After record-breaking amounts of sea ice in Antartica, this year we're seeing record lows.
Ice increases the risks of psychosis, violence and impulsivity, and decreases emotional control. So what can families really do?
Australia is following the lead of the United States and sending ex-ice users into schools in the hope they can impact kids' attitudes towards drug use and prevent use.
The latest data from the Dawn space probe points to underground ice flows and a water vapour atmosphere.
Around 2.3% of Aboriginal and Torres Strait Islander Australians 15 years and over report using speed or amphetamine in the past year. This is similar to the general population.
Ice is a slang name for crystal methamphetamine – a stimulant drug that is swallowed, smoked or injected. It works by activating the reward pathways in the brain, producing feelings of alertness.
As the world warms, Antarctica's melting ice will likely reach the point of no return.
Ice cores tell us vital information about how the world's climate has changed - and how it will change in the future.
Use of methamphetamines has increased significantly in young people already at risk of other drug and alcohol related dependence and harm.
With use of drugs such as ice on the rise, drug consumption rooms are now being set up in Europe to provide supervised inhalation.
To tackle the ice problem, the government must learn from experience and avoid adopting a blinkered law enforcement approach.
The ice taskforce's report sends a clear message about the importance of focusing on drug use as a health issue. This signals an important shift in thinking.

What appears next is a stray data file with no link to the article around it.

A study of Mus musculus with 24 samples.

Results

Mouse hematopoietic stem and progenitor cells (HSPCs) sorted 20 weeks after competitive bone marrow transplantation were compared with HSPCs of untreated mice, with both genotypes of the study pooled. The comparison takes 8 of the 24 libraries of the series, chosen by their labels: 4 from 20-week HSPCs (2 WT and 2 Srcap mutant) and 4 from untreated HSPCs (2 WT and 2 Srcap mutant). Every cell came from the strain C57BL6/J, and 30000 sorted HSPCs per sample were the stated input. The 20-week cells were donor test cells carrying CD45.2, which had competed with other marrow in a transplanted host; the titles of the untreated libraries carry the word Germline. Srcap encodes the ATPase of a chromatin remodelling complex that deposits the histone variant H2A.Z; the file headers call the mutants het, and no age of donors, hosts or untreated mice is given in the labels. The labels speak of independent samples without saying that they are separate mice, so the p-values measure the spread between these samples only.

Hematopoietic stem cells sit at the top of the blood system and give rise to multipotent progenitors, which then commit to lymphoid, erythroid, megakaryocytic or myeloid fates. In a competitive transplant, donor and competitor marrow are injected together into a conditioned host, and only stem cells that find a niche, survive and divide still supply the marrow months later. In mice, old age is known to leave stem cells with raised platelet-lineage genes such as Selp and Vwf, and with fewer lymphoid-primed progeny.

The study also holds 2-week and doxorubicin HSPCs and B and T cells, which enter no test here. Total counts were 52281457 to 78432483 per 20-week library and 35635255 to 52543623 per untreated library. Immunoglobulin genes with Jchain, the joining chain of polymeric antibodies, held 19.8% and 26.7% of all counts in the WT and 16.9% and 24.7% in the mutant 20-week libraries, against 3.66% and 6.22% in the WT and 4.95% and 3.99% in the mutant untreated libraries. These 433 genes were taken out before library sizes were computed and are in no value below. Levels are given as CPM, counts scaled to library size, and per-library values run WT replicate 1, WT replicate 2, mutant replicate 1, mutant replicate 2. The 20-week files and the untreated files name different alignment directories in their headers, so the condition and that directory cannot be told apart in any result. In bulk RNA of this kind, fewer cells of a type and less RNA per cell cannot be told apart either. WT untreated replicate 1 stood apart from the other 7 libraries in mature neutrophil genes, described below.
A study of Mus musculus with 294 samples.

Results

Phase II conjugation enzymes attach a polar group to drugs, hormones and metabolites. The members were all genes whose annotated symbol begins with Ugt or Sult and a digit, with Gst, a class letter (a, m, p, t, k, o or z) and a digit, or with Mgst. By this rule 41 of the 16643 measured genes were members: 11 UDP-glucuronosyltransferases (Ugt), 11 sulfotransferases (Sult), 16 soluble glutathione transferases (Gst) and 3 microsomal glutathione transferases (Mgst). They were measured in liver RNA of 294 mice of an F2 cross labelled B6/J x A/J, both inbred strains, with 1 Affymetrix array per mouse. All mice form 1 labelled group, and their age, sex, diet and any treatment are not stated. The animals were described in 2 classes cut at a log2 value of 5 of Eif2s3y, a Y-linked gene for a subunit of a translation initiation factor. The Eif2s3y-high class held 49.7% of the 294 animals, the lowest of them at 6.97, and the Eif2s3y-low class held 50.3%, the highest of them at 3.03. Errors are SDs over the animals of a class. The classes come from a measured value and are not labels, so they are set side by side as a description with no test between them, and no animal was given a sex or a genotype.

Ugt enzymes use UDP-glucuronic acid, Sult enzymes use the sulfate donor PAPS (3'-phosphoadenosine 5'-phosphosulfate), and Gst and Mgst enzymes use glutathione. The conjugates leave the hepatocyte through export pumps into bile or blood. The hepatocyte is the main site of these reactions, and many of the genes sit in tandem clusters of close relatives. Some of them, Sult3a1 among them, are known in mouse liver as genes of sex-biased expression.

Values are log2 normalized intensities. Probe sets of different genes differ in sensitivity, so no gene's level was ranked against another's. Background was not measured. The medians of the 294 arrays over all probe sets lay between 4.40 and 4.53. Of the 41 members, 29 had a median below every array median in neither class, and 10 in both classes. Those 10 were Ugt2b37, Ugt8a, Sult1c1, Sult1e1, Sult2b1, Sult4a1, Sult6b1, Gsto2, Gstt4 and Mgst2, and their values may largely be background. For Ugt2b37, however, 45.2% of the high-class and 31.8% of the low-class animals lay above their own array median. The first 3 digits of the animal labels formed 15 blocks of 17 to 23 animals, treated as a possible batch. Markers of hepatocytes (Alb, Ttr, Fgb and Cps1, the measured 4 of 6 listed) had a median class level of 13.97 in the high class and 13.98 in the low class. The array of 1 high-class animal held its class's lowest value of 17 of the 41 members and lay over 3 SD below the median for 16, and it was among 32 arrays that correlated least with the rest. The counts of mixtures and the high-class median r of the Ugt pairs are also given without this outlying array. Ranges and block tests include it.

Many untested drug therapies are expensive at best and potentially dangerous at worst. So what treatments do work for ice and other drug users?
Former ACT chief minister now senator Katy Gallagher admits she has found the jump into the bigger political pool challenging.
The challenge is to intervene before users hit crisis point. A Hawaii-based program does just this and has achieved substantial reductions in drug use. A similar scheme could work in Australia.
Prime Minister Tony Abbott has said ice is far more potent, far more dangerous, and far more addictive than any other illegal drug. Is that supported by the data?
Are addicts sick and helpless victims with little control over their own behaviour, or brazen criminals who deserve to be punished accordingly?
There is no evidence to suggest mandatory treatment outside of the criminal justice system would work. Instead, we need to increase funding for treatment programs, including early intervention.
To create accurate models that predict how ice sheets and oceans will react to changing climate, modelers need precise current data. One researcher heads to the ends of the earth to collect just that.
Today's organised crime occurs through loose and undefined networks made up of criminal entrepreneurs and freelancers with little concern for group branding or loyalty.